NORTHWEST PASSAGE (1940) C 127m dir: King Vidor

w/Spencer Tracy, Robert Young, Walter Brennan, Ruth Hussey, Nat Pendleton, Louis Hector, Robert Barrat, Lumsden Hare, Donald MacBride, Isabel Jewell

The kids will love NORTHWEST PASSAGE and so will fans of historical adventure movies. Tracy plays Indian fighter Robert Rogers, the leader of Rogers' Rangers.

From The Movie Guide: "One of the greatest adventure films of all time, this Vidor classic owes much of its success to the rugged Tracy ....

"Based on Kenneth Roberts's well-researched novel about Rogers' exploits, NORTHWEST PASSAGE is a rousing adventure all the way, full of thundering action. Its depiction of the colonial era is amazingly convincing, thanks to the perfectionist techniques of director Vidor, who went at the $2 million production with the vigor and relentless energy of Robert Rogers himself. In fact, Vidor, who began working on the film with an incomplete script (new portions of which were flown daily to the production's Idaho location), believed that he was shooting a prologue for a film that would also include Rogers's search for the Northwest Passage. However, producer Hunt Stromberg and MGM decided to confine the film to Rogers's adventures during the Indian Wars, bringing Jack Conway in to shoot an ending to the film while Vidor was in New York. To make his 'prologue,' Vidor took his almost all-male cast into the wilds of Idaho, around Lake Payette, which resembled the New England terrain of 200 years earlier.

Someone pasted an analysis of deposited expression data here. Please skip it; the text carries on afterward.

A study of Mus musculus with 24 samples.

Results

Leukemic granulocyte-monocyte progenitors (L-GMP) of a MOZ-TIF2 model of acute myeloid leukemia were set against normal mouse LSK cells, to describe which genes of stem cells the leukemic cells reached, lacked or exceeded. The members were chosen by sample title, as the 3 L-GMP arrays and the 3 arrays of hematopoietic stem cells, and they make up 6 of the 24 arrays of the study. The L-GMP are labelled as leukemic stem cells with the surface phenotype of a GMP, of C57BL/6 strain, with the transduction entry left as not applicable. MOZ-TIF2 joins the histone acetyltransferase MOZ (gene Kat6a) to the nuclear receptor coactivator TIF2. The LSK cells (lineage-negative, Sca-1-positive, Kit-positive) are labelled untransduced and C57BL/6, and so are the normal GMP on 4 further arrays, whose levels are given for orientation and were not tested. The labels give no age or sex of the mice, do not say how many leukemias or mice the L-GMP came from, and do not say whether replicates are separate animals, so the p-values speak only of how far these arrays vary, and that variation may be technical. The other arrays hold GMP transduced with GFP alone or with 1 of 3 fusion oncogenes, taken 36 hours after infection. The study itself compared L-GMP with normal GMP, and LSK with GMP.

"In his first Technicolor film, Vidor made good use of the lush locations; [Sidney] Wagner and [William V.] Skall's cinematography [which was nominated for an Oscar] is absolutely breathtaking, capturing the rich blues of the lakes and the deep greens of the forests (although they had some trouble with the colors of the ranger costumes, until special dyes were ordered to tone down the kelly green hues). The film is marred only by its racism, pretty virulent even by Hollywood standards."